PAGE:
Alex Berezow and Razib Khan, USA Today, June 28, 2015
The saga of Rachel Dolezal, who recently resigned as president of the Spokane, Wash., chapter of the NAACP after it was revealed that she was dishonest about her racial identity, sparked yet another national debate on issues of race in America, until it was eclipsed by events in Charleston.
Though Dolezal’s antics have garnered her few supporters, those sympathetic with her–primarily those on the left side of the political spectrum–insist that race is “just a social construct.” That is biologically incorrect for two major reasons.
First, those who contend that Dolezal is perfectly free to identify as “black” are engaging in relativism–i.e., that each person is entitled to define truth as he or she sees it. That line of reasoning might work in sociology or the social sciences, but it does not work in genetics.
Second, the idea that race is either biological or sociological is a false dichotomy; it is manifestly both a biological and social construct. The relevant question, therefore, is: “To what extent does the biological factor matter?” Different geneticists give different answers. Some, such as Michael White and Alan Templeton at Washington University in St. Louis, say it doesn’t matter at all and that race is not a biologically justifiable concept.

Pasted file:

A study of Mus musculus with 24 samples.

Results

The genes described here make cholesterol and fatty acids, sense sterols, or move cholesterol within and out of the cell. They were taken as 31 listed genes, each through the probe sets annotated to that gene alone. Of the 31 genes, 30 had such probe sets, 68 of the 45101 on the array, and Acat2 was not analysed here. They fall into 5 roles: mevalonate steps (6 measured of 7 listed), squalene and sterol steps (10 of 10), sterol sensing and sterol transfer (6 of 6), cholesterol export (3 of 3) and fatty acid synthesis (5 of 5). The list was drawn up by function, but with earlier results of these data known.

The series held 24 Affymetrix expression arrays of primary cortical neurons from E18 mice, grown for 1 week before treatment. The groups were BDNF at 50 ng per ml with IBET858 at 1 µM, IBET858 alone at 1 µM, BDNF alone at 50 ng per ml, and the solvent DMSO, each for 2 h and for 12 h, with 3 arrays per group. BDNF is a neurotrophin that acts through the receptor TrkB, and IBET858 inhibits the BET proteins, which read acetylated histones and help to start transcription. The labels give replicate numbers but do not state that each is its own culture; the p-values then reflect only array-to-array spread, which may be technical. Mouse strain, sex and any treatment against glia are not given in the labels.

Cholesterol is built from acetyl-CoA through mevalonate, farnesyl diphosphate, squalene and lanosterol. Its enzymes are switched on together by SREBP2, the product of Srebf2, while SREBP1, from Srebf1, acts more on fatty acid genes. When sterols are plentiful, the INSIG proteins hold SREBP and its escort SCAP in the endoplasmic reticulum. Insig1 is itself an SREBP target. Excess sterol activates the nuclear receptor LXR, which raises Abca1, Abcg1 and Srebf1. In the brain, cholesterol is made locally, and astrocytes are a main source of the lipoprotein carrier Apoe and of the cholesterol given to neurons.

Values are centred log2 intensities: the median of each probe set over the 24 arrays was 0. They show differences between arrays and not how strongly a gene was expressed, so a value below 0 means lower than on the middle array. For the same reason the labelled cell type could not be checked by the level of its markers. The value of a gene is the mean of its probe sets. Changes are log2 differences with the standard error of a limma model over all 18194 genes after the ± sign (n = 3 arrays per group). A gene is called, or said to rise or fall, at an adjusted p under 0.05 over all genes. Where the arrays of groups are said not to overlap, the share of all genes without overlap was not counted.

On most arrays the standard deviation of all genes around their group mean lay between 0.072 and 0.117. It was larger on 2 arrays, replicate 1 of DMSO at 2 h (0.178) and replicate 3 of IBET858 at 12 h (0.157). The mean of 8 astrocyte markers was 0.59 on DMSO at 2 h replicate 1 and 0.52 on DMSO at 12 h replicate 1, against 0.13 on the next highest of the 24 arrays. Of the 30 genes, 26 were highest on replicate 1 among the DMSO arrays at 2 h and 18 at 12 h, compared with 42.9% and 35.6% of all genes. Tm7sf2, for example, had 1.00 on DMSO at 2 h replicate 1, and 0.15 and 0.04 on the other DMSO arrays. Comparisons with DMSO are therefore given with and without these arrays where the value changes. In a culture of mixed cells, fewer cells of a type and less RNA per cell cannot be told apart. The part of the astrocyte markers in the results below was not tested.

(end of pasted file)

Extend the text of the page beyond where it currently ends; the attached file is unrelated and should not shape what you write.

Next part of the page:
Others, however, argue that genetics still matters quite a bit. Genetic diseases tend to cluster among certain races and ethnicities. For instance, sickle cell anemia is found primarily among blacks, cystic fibrosis among whites of European descent, and Tay-Sachs disease among Ashkenazi Jews.
It is widely accepted that the ancestors of the Khoisan hunter-gatherers of the Kalahari separated from the ancestors of the rest of humanity 150,000 years ago; ancestors of all non-Africans separated from Africans on the order of 50,000 years ago; and ancestors of Native Americans separated from East Asians 15,000 years ago. In some cases, diverged branches of this diversifying human tree came back together and fused to form new populations. All of these events have left distinct genetic markers.
The point is neither that genetics is fate nor that it determines everything about you. The environment also plays a significant role in developing the person you become, and that certainly includes racial identity.
But the history of human evolution, including race, is real, genetically traceable, and cannot be denied. Race, therefore, is a reflection of our history and geography. It is scientifically inaccurate to reduce human populations to mere social constructions and arbitrary crystallizations of power relations.